Cost of crime hits 60bn
Crime scene
Crime costs each person more than 1,000 a year
Crime costs households in England and Wales an estimated 60 billion a year, new figures reveal.

Though wounding accounts for only 1% of all crimes, it accounts for more than a quarter of the cost of crime at an estimated 15.6 billion a year, according to the Home Office.

It is the first time that the government has tried to collate figures on the cost of crime.

On average a violent crime involving wounding costs 19,000 comprising pain and loss for the victim, medical costs and police investigation time.

Wounding remains the most expensive crime overall despite an 11% decrease between 1997 and 1999, according to the British Crime Survey published in October.

Pain and suffering

Home Office minister Charles Clarke estimates that the pain and suffering for victims alone can cost them up to 6,000, or 30 % of the total cost of a wounding assault.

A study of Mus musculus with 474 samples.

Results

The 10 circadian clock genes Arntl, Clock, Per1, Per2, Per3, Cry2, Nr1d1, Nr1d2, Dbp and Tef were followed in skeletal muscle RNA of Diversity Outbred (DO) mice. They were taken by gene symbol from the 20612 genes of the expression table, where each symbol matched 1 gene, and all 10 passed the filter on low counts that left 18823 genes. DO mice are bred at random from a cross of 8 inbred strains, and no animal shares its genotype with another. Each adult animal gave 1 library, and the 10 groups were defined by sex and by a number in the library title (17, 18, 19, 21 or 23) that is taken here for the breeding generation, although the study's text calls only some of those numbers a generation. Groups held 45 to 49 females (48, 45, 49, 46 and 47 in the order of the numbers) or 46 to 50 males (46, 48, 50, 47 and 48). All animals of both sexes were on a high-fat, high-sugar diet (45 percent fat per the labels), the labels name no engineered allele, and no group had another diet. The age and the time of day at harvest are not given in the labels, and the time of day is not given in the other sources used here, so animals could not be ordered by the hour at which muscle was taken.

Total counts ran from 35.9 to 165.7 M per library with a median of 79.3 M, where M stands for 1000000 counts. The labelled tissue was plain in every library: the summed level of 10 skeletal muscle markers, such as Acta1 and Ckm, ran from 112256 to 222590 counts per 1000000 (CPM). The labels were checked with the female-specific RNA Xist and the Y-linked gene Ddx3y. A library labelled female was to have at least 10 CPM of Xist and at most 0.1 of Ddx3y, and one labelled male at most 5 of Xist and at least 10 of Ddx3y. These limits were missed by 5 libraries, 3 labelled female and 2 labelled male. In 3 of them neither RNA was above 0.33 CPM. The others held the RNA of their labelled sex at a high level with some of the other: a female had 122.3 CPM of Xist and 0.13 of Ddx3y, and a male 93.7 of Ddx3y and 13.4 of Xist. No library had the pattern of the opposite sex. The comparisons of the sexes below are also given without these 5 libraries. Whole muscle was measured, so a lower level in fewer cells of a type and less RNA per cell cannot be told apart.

Home Office minister Charles Clarke
Home Office minister Charles Clarke says crime has many 'hidden costs'

"This serves to underline the urgency with which we need to tackle this problem and build on the work already underway which we supported with 20 million extra earlier this year.

"This report highlights that there is a hidden `cost of crime' - the pain and trauma suffered by victims."

The average cost of a vehicle robbery is 4,800 and the average cost of criminal damage is 510.

Fraud costs England and Wales an estimated 14 billion every year, the Home Office says.

It is the first time the government has tried to estimate the cost of crime on both individuals and society as a whole.

The study does not take into account effects such as the cost of crime prevention, quality of life, drug crime, low level disorder, undiscovered fraud and the cost to Britain's social structure.

Cost of crime
Each murder costs an average of 1.1m
Each wounding costs an average of 19,000
The average car theft costs 4,800
Fraud costs 14 billion
Criminal damage costs 510

People in England and Wales reported a 10% drop in crime between 1997 and 1999 in the British Crime Survey.

But their perception was that things had got worse. Two thirds of those questioned believed the situation had deteriorated in between 1997 and 1999.

Burglary dropped by 21% to its lowest level since 1982.

Car theft and thefts from vehicles were also considerably lower, but robbery was up by 14% and assaults where the victim did not know the attacker were up by 29%.